Brain damage caused by COVID-19 is similar to that caused by strokes, according to a new study.
Research published in Nature Neuroscience on Thursday described how COVID-19 can cause damage by disrupting blood flow in the brain.
The effect on blood vessels in the brain was “compatible with a cerebral small-vessel disease,” an umbrella term for brain diseases including strokes, the study said.
The paper authored by scientists in Germany said that up to 76 percent of COVID-19 patients may suffer cognitive impairment and other psychiatric symptoms more than four weeks after infection.
Magnetic resonance imaging (MRI) brain scans revealed that people with severe COVID-19 infections had more ‘string vessels’ through which blood could not pass, according to the study titled ‘The SARS-CoV-2 main protease Mpro causes microvascular brain pathology by cleaving NEMO in brain endothelial cells’.
String vessels represent the leftover tissue after cells die in blood vessels, making it impossible for blood to pass through them.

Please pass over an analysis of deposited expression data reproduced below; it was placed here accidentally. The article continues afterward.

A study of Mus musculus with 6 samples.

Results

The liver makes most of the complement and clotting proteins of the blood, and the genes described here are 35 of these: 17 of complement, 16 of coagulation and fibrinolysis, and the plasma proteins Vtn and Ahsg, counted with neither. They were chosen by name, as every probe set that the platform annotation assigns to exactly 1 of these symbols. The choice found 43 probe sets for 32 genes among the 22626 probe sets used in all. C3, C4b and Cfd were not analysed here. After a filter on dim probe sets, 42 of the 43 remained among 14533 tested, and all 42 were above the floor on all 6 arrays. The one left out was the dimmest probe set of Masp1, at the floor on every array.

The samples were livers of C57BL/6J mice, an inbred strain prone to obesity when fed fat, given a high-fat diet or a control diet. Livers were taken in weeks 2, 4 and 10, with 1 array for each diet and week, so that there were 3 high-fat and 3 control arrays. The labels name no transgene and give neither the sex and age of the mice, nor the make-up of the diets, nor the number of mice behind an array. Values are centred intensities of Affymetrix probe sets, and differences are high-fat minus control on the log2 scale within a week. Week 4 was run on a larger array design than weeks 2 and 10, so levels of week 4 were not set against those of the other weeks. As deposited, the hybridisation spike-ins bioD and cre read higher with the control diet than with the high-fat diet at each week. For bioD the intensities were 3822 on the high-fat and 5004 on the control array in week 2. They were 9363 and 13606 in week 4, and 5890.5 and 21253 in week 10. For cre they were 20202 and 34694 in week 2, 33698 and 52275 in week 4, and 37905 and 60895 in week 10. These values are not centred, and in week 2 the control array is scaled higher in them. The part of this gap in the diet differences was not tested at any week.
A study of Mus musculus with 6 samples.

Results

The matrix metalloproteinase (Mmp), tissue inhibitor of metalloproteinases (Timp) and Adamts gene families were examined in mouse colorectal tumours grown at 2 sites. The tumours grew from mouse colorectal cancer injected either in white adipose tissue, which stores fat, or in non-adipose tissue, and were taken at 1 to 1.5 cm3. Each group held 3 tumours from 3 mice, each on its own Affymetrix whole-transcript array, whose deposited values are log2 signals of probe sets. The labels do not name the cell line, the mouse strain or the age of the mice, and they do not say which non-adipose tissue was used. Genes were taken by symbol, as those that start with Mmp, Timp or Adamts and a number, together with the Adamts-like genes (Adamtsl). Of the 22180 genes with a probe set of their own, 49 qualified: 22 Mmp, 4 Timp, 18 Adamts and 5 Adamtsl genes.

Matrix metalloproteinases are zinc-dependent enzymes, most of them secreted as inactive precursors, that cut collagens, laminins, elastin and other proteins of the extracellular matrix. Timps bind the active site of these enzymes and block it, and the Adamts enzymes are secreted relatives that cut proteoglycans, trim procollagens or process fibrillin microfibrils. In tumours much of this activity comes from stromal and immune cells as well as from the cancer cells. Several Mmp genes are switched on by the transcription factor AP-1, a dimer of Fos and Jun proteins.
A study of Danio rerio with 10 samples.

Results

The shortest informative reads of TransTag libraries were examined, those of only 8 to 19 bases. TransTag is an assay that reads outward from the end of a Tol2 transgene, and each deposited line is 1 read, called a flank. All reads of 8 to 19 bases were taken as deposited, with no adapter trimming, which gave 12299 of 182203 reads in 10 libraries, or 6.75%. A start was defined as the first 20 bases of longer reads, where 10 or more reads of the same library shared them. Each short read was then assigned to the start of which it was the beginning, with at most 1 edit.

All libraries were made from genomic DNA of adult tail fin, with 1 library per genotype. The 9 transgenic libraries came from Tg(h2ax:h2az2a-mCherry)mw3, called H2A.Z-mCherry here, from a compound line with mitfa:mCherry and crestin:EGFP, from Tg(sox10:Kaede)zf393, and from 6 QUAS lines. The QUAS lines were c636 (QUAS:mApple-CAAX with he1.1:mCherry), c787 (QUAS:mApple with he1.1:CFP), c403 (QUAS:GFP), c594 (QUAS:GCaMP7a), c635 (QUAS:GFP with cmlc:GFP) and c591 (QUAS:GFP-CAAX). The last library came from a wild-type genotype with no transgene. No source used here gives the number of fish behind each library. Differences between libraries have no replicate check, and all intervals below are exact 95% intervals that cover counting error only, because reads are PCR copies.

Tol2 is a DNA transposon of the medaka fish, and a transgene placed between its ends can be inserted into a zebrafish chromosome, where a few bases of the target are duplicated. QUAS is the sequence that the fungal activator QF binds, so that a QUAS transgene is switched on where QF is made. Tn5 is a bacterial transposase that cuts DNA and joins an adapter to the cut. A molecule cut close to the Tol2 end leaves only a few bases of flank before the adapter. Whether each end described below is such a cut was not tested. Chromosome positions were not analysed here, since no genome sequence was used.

COVID-19 can also directly cause strokes, the study said.
Up to 84 percent of people with severe COVID-19 show neurological symptoms including loss of smell, epileptic seizures, strokes, loss of consciousness, and confusion.
Despite the evidence for COVID-19 causing brain damage, researchers say that it is still a matter of debate whether or not the virus directly infects the brain.
That being said, authors of the study detected COVID-19 genetic material in the form of viral genomes in the brain and spinal fluid of patients, suggesting that the COVID-19 virus can gain access to the brain.
COVID-19 RNA material was found in blood vessels in the brain, suggesting that the virus may spread from the respiratory system to the brain through a patient’s bloodstream.
The study also identified a type of protein called receptor-interacting protein kinase (RIPK) as a potential target for therapeutic treatment of COVID-19’s neurological effects.